The A41 Project – visualising inequality
As I hope my occasional articles show there are many different approaches and styles within the field of photography. Indeed as the decade moves on it becomes harder to even define what photography is.
Sometimes though photography can be used as a way to communicate a point, or illustrate some research, and a new exhibition in West Bromwich attempts to do just that.
The A41 Project - visualising inequality, features photographs by artist Colin McPherson taken as he travelled through the West Midlands, passing through some of the wealthiest and some of the most deprived areas of England.
"The project has been one year in the making: the last six months of which I have spent on the road, travelling the length of the A41 from near my home on the Wirral down to London - and back again several times," says McPherson. "Photographers are particularly fond of road trips and journeys as they instil a sense of narrative and direction in the work being made."
"Through the Equality Trust, participatory photography groups were established in London, Milton Keynes, the West Midlands and Merseyside. These groups consisted of people with an interest in the subjects of inequality and photography and who were keen, like me, to experiment and look creatively at how the issues could be illustrated using the photographic image."
McPherson's pictures are based on themes, statistics or ideas he researched, or those that emerged from the workshops with the participatory groups.
"Often I would be looking to illustrate a specific fact or quote, and in the final pieces of work, I turned these into questions," he says. This means that the pictures are shown with a question below them as you can see here.
"Without answering these questions, I am requesting the viewer to consider what is being asked, therefore allowing a degree of ambiguity which is often a necessary part of the artistic process and presentation," McPherson adds.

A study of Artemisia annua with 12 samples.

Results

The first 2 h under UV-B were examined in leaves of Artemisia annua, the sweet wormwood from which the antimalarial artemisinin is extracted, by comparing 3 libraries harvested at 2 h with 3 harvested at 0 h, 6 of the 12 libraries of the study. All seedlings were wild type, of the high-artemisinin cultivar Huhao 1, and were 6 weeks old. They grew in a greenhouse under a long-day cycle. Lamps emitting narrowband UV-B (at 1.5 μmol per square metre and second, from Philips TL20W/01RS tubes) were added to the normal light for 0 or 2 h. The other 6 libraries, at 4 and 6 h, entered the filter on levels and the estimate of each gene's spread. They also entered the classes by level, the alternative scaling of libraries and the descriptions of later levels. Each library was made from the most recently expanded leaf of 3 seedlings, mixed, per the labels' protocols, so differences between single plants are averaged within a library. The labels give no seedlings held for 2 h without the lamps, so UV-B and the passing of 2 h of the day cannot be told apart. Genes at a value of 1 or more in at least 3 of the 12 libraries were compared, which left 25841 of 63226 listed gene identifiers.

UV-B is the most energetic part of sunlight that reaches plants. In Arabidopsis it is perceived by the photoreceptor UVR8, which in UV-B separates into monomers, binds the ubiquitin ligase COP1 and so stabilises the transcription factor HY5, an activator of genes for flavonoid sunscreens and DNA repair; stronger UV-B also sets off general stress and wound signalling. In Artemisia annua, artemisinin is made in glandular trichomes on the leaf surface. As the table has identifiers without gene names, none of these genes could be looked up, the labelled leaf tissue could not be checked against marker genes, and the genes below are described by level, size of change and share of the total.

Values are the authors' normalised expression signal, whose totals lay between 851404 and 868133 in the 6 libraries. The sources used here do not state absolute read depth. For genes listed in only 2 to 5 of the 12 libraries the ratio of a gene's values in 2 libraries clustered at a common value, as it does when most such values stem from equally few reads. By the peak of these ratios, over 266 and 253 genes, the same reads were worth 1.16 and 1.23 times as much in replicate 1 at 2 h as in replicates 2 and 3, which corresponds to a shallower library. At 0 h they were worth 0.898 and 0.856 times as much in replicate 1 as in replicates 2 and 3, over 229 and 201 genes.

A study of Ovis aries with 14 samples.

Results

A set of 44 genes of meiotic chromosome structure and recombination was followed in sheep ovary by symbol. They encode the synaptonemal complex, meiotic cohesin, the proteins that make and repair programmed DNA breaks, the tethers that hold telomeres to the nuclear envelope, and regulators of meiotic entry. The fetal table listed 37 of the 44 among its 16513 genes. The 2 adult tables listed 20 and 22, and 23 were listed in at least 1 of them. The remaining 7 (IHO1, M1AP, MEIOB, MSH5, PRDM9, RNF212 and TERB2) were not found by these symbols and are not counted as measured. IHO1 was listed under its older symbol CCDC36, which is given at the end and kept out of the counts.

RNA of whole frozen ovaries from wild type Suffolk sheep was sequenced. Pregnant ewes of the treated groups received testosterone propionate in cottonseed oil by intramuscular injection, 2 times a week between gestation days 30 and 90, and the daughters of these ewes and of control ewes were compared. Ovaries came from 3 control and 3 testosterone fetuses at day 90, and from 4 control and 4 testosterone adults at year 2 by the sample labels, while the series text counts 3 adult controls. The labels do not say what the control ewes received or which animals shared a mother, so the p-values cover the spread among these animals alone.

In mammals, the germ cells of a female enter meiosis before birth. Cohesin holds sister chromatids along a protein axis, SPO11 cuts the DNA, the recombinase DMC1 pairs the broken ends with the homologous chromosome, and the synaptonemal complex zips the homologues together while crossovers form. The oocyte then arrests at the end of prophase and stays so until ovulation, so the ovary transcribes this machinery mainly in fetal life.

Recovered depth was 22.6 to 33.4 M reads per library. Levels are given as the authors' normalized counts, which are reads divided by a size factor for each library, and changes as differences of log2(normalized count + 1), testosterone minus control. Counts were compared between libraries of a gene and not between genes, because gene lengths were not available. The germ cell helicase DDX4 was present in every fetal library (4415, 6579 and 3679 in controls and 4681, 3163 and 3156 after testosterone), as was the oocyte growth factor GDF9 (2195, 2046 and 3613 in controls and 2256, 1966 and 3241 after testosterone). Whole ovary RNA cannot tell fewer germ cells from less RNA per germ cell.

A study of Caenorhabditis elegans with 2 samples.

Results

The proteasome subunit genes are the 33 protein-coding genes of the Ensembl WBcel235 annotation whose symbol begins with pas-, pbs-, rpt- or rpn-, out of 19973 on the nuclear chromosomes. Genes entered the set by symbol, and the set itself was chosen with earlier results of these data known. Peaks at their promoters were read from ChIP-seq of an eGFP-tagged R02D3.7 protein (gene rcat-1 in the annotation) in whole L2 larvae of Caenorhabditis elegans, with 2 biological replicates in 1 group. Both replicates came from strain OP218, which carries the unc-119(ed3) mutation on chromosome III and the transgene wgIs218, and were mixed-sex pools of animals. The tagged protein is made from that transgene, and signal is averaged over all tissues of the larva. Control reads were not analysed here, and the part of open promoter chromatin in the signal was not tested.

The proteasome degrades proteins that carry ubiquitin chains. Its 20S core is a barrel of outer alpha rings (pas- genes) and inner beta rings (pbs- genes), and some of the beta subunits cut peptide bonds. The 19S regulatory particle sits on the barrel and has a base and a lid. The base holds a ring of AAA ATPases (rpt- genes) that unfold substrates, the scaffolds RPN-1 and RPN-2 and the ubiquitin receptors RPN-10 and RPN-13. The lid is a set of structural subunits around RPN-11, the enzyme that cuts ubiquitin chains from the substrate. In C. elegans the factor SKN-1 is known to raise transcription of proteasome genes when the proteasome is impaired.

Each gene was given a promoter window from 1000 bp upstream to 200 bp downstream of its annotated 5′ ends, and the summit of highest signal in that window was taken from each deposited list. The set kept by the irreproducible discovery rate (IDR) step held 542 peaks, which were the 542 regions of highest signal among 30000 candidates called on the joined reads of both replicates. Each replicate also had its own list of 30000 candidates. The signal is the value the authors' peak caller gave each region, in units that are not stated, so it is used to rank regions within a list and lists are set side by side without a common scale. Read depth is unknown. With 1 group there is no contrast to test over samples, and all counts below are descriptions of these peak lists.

Professor Kate Pickett from the Equality Trust said: "The evidence that inequality damages society is overwhelming. It affects many aspects of life including physical and mental health, children's well-being and rates of violent crime. We hope that the A41 Project will provoke debate and help advance the movement for a more equal society."
Throughout the project McPherson visited many parts of the country he had not seen before, including parts touched by the Industrial Revolution.
"I also came across Riches Street in Wolverhampton, except the word Street was no longer there. It seemed to be a perfect and poignant message, and I couldn't help wondering whether there was a Rags Street close by which could have illustrated the gap between rich and poor symbolically."
McPherson worked on film for this series, something he notes was an antidote to working in a fast-moving digital world. "It has been an opportunity to apply the handbrake and really think meticulously about how the work is conceived and made.
"The result is a collection of 25 images, each one metre by one metre, which forms a body of work which aims to question, inform and stimulate - and start to define how to take a concept such as inequality and set it to photography."